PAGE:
Google Nexus 6 vs Google Nexus 5
The understated Google Nexus 6 unveiling was enough of a hint that it won't be like any other Nexus so far, and we aren't talking about the pricing scheme only. Unlike its 5” Nexus 5 predecessor, the Nexus 6 sports a six inch screen (duh).
This has made the Motorola-made phablet huge and unmanageable with one hand, but no compromises have been made with its truly flagship specs. That's in stark contrast with the Nexus 5, crafted by LG, which debuted with specs just a step below LG's flagship at the time, but at half of what Google and Motorola are charging for the 6. Which approach to the Nexus line is better? Let's compare the two generations and find out...
Big as a shovel, the Nexus 6 has to be handled with two palms most of the time, while the unassuming Nexus 5 fits very comfortably in the hand.
The Nexus 6 chassis might be fairly compact for a 6-incher, as its bezels are pretty modest all around, but it still requires you to use it with two hands the vast majority of the time. It also leaves a sizable impact in your pocket, to the point that it's very uncomfortable to sit with this thing in your pocket, depending on how tight your pants are. The only thing that saves its manageability somewhat is the dimpled logo on the back, where your index finger can rest more comfortably while operating the phone. The Nexus 5, in contrast, is much more compact, not overly thin, and pretty comfortable to hold and operate with one hand. Both phones are built sturdy and look unpretentious. They are somewhat devoid of premium materials, and yet are ready to withstand the tests of time, and a few drops in the process. The Nexus 5 side keys are wobblier and a tad less clicky than the metal ones on the Nexus 6, which also look more premium, and are jaded with a pattern for extra grip.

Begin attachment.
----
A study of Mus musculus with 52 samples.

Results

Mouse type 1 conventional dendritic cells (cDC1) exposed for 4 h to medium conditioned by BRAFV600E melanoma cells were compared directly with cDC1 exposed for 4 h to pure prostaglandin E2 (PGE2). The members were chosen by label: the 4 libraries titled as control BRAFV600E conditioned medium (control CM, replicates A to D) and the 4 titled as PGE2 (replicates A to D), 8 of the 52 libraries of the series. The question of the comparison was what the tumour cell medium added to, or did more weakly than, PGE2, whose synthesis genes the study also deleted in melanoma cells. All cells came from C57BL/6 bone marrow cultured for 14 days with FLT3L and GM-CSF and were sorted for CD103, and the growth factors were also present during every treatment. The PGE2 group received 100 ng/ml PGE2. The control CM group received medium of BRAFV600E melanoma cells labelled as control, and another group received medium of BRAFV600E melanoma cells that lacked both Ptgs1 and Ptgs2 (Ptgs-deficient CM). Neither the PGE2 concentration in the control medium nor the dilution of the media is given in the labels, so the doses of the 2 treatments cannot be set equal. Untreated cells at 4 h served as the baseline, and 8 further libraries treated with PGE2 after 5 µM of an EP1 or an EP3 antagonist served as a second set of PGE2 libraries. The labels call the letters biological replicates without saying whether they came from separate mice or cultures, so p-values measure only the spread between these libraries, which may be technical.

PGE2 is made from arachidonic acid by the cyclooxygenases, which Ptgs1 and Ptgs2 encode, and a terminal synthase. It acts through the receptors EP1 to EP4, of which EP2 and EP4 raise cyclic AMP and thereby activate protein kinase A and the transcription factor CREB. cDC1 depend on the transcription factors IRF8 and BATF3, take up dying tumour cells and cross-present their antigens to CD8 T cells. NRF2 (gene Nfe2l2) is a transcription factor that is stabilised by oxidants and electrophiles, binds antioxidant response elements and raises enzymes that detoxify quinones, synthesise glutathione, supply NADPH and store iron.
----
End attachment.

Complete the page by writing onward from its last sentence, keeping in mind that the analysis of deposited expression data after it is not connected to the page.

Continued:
The Nexus 5 screen is the more color-correct one, while the big AMOLED display of the Nexus 6 is oversaturated.
In sync with these times of super big-screen smartphones, the Nexus 6 is equipped with a 5.96-inch 1440 x 2560 Quad HD AMOLED display. Needless to say, your fingers strain to reach the corners of the display – so two-handed operation should be enforced using it. We can’t deny that its pixel density, clocking at a higher-than-normal 493 ppi, brings about sharp visuals for small text, icon edges and the like. But so does the Nexus 5's panel, which is a 5” 1080 x 1920 one, returning a pixel density of 445ppi. This count is not a far cry from the pixel density on the Nexus 6, and, frankly, indistinguishable from the Quad HD display in that respect when observed with a naked eye.
Where the Nexus 5 screen takes advantage, though, is a much higher brightness, and better color presentation. While the Nexus 6 exhibits the typical for AMOLED displays oversaturated colors, the Nexus 5's LG display is almost spot-on. Its color and grayscale Delta E deviations from the reference points are also much smaller than the ones of the Nexus 6. In terms of color temperature, both handsets perform very well, hitting close enough to the 6500K white point, which means the colors won't look overly cold or warm, so you can go shoe-shopping on both, just keep in mind the overblown hues on the Nexus 6, as you might get something else in the mail than what you ordered on the screen.